ITEM: Childrens' Comp./Game
 COMPANY: Human Engineered Software/DataSoft
RARITY: Not rare   Click here for further information on our rarity scale Information on the rarity of this item is unknown.

Commodore Computer Video Games


Here we have 4 computer games, all made for the Commodore 64 or Commodore VIC-20. Three were developed and published by Human Engineered Software as the other was developed by DataSoft. The three games by HES are made for the VIC-20. These games are Pinball, Skier and Hesplot. The fourth game, Bruce Lee by the company DataSoft was made to be played on the Commodore 64.

Skier by Gunter Koch was a computer game for the Commodore VIC-20 Home Computer. The game was first released in 1982 developed and published by Human Engineered Software (HES). Skier is an alpine skiing game. The game was played from a top perspective of the hill as the game scrolls from top to bottom. The skier the user is controlling will automatically move down the hill and the player has to steer left and right while trying to hit as many flags as possible. Double points are awarded when the player knocks a flag over and bonus points are given for reaching the finish line. Hitting a tree on your way down the hill will result in death for your skie while touching an ice patch in your path will cause the skier to slide around. After losing one skier, the player gets two more chances at completing the race. The game was a snowboarding/skiing sports video game that ran off of a cassette tape. Pinball by Gunter Koch is your classical pinball game that allows you to score points and bonuses using two flippers that guide the action through bumpers and alleys. Hesplot is a software for hi-res graphics routines.

Bruce Lee by DataSoft was originally published for the Atari 8-bit and the Commodore 64 in 1984. The game was considered a platform/beat 'em up hybrid game in which the personal playing is in control of Bruce Lee. The idea of the game involves the martial artist advancing from chamber to chamber in a wizards tower, seeking to claim infinite wealth and the secret of immortality. There are twenty chambers, each represented by a single screen with platforms and ladders. To progress, the player must collect a number of lanterns suspended from various points in the chamber.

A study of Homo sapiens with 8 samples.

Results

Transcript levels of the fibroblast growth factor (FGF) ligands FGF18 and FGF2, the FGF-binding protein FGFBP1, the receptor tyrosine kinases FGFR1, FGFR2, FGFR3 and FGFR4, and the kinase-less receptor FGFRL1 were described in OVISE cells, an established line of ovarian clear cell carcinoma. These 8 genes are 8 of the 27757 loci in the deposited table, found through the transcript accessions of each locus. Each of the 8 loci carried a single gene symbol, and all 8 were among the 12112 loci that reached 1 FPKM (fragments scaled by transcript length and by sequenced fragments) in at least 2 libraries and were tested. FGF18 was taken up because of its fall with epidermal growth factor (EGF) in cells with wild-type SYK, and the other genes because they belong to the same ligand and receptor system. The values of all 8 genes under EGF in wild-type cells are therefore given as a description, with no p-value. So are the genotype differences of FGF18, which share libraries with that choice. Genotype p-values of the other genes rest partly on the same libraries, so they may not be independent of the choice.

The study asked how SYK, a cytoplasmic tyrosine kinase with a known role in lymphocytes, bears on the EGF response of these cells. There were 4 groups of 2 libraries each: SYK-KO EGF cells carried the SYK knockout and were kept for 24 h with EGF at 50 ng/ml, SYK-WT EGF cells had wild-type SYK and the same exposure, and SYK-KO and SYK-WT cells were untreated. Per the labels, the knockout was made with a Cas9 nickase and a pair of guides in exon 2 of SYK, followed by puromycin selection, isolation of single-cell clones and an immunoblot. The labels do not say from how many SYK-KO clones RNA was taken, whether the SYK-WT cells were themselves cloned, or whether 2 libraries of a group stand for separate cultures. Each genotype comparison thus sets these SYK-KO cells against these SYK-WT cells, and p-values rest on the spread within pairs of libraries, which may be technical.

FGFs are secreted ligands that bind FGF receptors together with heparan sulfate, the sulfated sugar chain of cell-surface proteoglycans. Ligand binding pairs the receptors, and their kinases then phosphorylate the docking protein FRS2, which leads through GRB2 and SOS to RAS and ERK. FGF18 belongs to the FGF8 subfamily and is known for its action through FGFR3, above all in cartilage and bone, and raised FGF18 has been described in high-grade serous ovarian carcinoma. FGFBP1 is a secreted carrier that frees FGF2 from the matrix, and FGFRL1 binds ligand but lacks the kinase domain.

About the Commodore VIC-20

The VIC-20 is an 8-bit computer that was sold by Commodore Business Machines. The VIC-20 was announced in 1980, about three years after Commodore released its first personal computer, the PET. The VIC-20 was the first computer of any kind to sell 1 million units, just a few months ahead of the Apple II. The VIC-20 computer was intended to be more economical than the PET computer. It was equipped with 5 KB of static RAM and used the same MOS 6502 CPU as the PET. The VIC-20's video chip, the MOS Technology VIC, was a general-purpose color video chip designed by Al Charpentier in 1977 and intended for use in inexpensive display terminals and game consoles, but Commodore could not find a market for the chip.

About the Commodore 64
The Commodore 64, also known as the CBM 64 or C64, is an 8-bit home computer that was first introduced in January 1982 by Commodore International. It has been listed in the Guiness Book of World Records as the highest selling single computer model of all time. That starting price at the time of 595 USD would be equivelant to 1,545 USD as of 2018. The C64 dominated the low-end computer market for most of the 1980s.For a four year period (19831986), the C64 had between 30% and 40% share of the US market and two million units sold per year, outselling IBM PC compatibles, Apple computers, and the Atari 8-bit family of computers. Part of the Commodore 64's success was due to its sale in regular retail stores instead of only electronics or computer hobbyist specialty stores. Commodore produced many of its parts in-house to control costs, including custom integrated circuit chips from MOS Technology. It has been compared to the Ford Model T automobile for its role in bringing a new technology to middle-class households because of creative and affordable mass-production.